Friday, February 17, 2006

What's the derivative of zero?

Institutions founded on principles of egalitarianism founder when it becomes apparent that some people benefit more from that egalitarianism than others. Confronted with the inequity, one solution is to debase the benefits until they are of equally poor value to everyone. From the London Free Press:

Ontario is extending its review of proposed changes to the Grade 12 math curriculum and whether calculus should continue to be included. … [Education Minister Gerard] Kennedy says he's received e-mails and letters from those who want calculus kept in the curriculum and those who say it's too difficult.

A task force will examine senior high school math courses and consult experts to ensure the classes meet the needs of students. It will report back to the minister in late March with its view on how much calculus should be included.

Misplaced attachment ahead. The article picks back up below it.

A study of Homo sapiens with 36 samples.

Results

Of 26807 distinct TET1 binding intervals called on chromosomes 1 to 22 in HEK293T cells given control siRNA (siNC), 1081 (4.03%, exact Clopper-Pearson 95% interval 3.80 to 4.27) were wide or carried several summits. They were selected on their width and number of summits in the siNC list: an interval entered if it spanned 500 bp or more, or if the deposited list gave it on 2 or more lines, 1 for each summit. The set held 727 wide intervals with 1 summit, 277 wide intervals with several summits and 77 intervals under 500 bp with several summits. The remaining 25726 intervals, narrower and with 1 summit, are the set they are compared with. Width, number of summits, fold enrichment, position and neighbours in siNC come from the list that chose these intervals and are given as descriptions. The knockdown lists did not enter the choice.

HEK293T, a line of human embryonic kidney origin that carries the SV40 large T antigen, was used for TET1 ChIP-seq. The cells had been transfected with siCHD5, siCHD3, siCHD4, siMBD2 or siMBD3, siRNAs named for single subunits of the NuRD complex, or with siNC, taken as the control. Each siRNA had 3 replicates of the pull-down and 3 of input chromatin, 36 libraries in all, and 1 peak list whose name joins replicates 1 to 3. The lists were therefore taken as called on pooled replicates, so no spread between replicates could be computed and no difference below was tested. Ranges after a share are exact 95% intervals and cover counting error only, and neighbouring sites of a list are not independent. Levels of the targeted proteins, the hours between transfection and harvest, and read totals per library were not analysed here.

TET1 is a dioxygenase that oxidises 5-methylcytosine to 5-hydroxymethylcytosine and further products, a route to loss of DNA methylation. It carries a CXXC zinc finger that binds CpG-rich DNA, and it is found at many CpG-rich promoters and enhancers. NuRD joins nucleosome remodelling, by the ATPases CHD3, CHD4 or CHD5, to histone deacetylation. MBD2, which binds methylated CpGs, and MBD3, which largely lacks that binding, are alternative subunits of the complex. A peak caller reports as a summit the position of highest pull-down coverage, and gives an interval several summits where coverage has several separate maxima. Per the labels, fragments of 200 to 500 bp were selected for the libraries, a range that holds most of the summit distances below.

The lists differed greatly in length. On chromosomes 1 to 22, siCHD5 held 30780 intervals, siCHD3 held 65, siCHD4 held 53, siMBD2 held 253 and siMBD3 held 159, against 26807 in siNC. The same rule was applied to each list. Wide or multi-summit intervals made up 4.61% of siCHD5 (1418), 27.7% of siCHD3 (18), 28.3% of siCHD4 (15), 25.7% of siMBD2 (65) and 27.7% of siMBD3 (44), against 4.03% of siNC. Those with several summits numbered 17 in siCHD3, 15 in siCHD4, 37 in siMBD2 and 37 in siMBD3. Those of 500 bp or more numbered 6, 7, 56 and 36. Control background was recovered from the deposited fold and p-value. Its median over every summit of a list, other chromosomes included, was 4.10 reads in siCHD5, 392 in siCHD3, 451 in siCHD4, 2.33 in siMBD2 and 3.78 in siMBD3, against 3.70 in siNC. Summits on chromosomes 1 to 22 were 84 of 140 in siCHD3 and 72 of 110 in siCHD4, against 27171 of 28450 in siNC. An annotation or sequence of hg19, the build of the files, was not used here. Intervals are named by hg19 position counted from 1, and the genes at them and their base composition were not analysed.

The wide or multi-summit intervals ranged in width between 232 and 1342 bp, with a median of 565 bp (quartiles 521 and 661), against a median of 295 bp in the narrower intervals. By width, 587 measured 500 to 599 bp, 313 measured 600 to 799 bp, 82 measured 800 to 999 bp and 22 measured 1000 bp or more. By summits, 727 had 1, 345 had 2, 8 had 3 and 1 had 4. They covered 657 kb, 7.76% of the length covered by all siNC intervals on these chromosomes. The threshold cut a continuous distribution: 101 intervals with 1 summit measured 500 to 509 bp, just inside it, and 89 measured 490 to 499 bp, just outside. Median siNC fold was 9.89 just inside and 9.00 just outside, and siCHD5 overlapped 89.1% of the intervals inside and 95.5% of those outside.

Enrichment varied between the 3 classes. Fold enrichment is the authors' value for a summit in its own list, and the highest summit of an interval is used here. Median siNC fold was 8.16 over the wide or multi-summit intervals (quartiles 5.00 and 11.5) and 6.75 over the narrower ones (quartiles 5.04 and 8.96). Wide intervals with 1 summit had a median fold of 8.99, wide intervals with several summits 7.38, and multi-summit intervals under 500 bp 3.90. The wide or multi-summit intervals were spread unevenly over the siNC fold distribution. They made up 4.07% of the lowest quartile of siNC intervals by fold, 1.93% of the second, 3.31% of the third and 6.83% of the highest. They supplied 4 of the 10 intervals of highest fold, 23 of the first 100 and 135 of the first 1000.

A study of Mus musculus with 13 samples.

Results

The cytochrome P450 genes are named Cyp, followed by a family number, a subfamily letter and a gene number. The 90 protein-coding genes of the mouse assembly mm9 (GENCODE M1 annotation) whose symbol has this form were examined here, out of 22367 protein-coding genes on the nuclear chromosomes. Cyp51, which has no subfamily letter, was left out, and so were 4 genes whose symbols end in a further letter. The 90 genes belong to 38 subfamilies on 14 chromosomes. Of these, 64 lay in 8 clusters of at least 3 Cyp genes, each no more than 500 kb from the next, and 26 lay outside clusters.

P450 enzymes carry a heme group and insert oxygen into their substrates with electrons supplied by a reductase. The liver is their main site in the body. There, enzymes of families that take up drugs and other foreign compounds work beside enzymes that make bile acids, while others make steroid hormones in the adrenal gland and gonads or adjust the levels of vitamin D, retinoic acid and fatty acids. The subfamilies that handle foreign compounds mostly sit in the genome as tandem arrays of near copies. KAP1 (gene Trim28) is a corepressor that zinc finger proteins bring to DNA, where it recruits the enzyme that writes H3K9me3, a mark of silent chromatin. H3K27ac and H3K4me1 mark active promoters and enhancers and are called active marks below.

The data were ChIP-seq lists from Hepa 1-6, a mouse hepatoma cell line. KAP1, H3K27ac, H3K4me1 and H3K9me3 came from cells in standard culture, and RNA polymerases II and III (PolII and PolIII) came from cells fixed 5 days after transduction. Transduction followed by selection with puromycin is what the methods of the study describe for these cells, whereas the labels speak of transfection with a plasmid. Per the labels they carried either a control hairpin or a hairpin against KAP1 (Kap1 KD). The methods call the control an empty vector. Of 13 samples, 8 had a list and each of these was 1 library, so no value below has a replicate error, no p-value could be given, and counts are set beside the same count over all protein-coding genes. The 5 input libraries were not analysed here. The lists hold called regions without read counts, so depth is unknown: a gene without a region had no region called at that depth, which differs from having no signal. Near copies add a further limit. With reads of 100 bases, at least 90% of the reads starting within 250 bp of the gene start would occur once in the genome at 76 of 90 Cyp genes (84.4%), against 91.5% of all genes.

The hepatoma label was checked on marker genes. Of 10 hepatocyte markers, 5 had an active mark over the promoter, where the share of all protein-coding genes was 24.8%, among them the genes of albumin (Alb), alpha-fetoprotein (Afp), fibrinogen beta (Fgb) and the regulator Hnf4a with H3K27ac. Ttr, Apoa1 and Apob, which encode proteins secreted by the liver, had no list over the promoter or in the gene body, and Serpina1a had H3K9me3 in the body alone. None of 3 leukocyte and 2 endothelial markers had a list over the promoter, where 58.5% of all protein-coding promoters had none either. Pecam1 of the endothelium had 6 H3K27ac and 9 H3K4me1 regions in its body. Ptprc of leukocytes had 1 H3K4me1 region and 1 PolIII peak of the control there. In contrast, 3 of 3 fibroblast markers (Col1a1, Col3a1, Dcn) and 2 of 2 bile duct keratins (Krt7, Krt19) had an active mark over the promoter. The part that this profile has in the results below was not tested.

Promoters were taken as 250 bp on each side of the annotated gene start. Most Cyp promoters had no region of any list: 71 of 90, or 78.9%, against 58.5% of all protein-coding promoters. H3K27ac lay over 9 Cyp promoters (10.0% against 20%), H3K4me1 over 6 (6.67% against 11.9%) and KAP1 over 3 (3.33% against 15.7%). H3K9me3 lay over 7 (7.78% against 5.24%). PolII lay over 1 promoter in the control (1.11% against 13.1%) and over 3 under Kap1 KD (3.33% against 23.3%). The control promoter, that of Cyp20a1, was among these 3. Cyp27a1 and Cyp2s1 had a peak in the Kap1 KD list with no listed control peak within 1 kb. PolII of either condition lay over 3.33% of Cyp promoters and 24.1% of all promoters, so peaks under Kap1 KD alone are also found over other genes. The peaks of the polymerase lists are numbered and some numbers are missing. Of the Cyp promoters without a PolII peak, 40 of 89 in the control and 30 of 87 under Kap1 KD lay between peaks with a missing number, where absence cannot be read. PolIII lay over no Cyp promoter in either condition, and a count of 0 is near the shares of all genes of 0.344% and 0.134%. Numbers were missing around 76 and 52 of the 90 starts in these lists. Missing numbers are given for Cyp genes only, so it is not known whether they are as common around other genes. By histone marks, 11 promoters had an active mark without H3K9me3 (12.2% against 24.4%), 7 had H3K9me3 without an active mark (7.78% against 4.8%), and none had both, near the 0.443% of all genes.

Or, ensure that the distribution of benefits are subject to no more strenuous a standard than mere chance. Also from the Free Press:
Parents of some French immersion pupils are angry the London District Catholic school board has moved to a lottery system to see which kids get into one program. Enrolment in the board's middle immersion program — which starts in Grade 4 — is soaring and parents are fresh from a battle to save the program from being chopped because it has nowhere to expand. But many are upset because a first-come, first-served process to register for the program that takes 60 new students a year has been replaced with the lottery.

The board says the change was made to offer all applicants an equal opportunity.

1 Comment:

Pietr said...

I was taught Newtonian Calculus from First Principles at age 13.
I struggled with the usefulness of the concept, but I learned it.
Later I learned to love being able to analyse engineering maths problems from the beginning on up.

My friend's nephew started a Physics undergrad course last year.
He didn't know anything about calculus (Newtonian)from FP.